October 2017 | Commentary | E_Commerce

Collaborative Supplier Management: The Key to Beating Holiday Fever

Tags: Retail, E-commerce, Supply Chain

Kristian O'Meara is SVP, Value Engineering, BravoSolution, 617-969-9192

The holiday season—and accompanying spike in product demand—is no longer confined to the end of the year. With holiday celebrations in at least eight months each year—from Valentine's Day to Easter and the Fourth of July—and nearly every product category from candy to clothing and home furnishings affected, retailers need to fine-tune their e-commerce strategy to capitalize on consumers' growing appetite for seasonal items.

The biggest challenge in this increasing focus on seasonal merchandise lies in the lifespan of these events. Retailers face short cycles as well as mounting pressure to reduce costs and minimize risk. These constraints—along with added emphasis on responsible sourcing, the disruption created by Amazon's e-commerce operations, and the competitive pressure to innovate the supply chain—create a compelling need for supply chain teams to rethink how they engage, manage, and sustain supplier relationships.

Seasonal Shift

The intensity of the seasonality-driven retail paradigm requires a shift from short, tactical models to strategic, collaborative models that emphasize the value logistics suppliers can deliver to the overall business.

Integrated technology platforms that bring innovation in spend analysis, sourcing, sourcing optimization, contract management, and supplier value management to bear on complex and critical categories can help teams get the answers they need to pressing questions such as:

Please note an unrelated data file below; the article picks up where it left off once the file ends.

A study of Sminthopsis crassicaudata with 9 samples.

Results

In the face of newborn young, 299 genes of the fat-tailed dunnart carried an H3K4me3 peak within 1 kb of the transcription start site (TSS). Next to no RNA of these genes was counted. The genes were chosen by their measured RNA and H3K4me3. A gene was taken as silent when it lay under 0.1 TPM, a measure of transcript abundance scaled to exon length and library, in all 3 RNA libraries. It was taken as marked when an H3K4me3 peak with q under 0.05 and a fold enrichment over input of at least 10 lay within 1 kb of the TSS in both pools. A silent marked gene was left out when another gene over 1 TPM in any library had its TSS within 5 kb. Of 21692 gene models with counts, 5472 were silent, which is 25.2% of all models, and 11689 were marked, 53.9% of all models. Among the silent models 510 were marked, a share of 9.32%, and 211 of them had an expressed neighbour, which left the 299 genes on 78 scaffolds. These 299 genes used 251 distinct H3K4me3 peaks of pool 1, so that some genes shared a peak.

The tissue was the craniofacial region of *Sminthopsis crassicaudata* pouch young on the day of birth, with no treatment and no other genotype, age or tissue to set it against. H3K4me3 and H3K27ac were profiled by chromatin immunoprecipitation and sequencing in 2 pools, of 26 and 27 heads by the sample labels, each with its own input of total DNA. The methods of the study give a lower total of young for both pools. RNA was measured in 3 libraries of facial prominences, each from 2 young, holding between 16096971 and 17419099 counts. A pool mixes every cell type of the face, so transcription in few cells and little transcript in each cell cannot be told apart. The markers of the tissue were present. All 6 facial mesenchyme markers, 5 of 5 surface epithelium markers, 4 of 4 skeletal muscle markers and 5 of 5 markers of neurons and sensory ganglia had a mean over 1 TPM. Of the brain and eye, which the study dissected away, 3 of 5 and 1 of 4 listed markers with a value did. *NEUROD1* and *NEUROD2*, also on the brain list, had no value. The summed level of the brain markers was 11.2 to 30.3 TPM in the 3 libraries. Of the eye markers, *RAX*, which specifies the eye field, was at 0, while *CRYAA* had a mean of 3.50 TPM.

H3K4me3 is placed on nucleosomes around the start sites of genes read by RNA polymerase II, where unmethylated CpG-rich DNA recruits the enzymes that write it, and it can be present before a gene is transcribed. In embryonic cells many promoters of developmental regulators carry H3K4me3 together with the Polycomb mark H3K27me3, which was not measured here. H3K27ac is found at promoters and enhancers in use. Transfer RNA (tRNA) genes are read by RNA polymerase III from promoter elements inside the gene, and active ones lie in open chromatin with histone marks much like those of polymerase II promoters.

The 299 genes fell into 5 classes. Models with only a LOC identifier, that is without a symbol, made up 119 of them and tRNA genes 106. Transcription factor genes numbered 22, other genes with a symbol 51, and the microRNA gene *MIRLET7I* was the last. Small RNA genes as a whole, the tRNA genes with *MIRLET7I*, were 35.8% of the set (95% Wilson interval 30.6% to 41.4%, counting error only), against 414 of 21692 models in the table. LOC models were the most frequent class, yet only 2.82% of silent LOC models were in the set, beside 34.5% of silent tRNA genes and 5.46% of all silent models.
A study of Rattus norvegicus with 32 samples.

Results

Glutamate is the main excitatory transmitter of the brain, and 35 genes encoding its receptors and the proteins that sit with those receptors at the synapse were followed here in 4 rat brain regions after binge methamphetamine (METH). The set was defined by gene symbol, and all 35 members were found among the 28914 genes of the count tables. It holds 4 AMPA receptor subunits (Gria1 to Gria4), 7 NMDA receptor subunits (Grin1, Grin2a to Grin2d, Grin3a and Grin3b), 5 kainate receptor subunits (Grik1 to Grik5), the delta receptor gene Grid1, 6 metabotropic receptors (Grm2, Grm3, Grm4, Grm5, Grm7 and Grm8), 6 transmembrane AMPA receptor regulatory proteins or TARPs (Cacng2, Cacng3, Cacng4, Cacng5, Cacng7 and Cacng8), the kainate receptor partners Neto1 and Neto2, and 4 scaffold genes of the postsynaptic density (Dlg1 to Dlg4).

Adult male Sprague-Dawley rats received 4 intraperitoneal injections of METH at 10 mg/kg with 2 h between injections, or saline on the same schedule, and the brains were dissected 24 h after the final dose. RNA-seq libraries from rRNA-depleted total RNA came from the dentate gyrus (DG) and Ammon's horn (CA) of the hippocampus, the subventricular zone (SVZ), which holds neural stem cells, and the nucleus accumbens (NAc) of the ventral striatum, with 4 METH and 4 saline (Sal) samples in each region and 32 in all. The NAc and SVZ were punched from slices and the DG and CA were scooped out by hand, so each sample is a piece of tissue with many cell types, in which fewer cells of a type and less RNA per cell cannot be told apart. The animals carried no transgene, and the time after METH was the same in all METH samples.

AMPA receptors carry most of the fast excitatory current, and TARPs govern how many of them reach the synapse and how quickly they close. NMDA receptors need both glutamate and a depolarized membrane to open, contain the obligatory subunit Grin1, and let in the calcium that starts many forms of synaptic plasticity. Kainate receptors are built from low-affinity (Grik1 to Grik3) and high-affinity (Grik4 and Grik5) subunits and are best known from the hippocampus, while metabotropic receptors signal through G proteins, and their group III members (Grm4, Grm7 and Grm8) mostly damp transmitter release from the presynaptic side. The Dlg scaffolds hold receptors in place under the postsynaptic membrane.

1. Who are we spending with? How much? Where are they located? What are the shipping transit times? What is their capacity?
  2. Are there other suppliers with whom we might engage to reduce risk?
  3. Which suppliers have worked with us on potential obstacles and ways to resolve them?
  4. Which suppliers repeatedly bring forth innovations that drive top-line growth or cost savings?
  5. Can supplier production keep pace and exhibit the flexibility needed to adapt to the fickle demands of today's e-commerce consumers?
  6. Can suppliers deliver the products at a price point that results in purchased online shopping carts?

Savvy supply chain teams are then able to design and implement the sophisticated strategies necessary to navigate the vagaries of consumer demand, market conditions, and unexpected disruptions. Examples include:

  • Using routing guides, developed through sourcing initiatives for carrier selection based on capacity, price, and performance to drive load tendering to the best value carriers.
  • Identifying emerging lanes to ensure that freight pricing remains competitive even as the network changes.
  • Working closely with carriers and internal stakeholders to minimize unnecessary expenditures driven by costly surprises that may drive a transit mode shift.
  • Continuously improving data consistency to drive even more value from future sourcing initiatives.

By leveraging a collaborative approach to sourcing, and having a strategy in place for ongoing management and measurement of logistics and supply chain partners, supply chain teams can work together with their stakeholders to make the most of the holidays—every single one of them.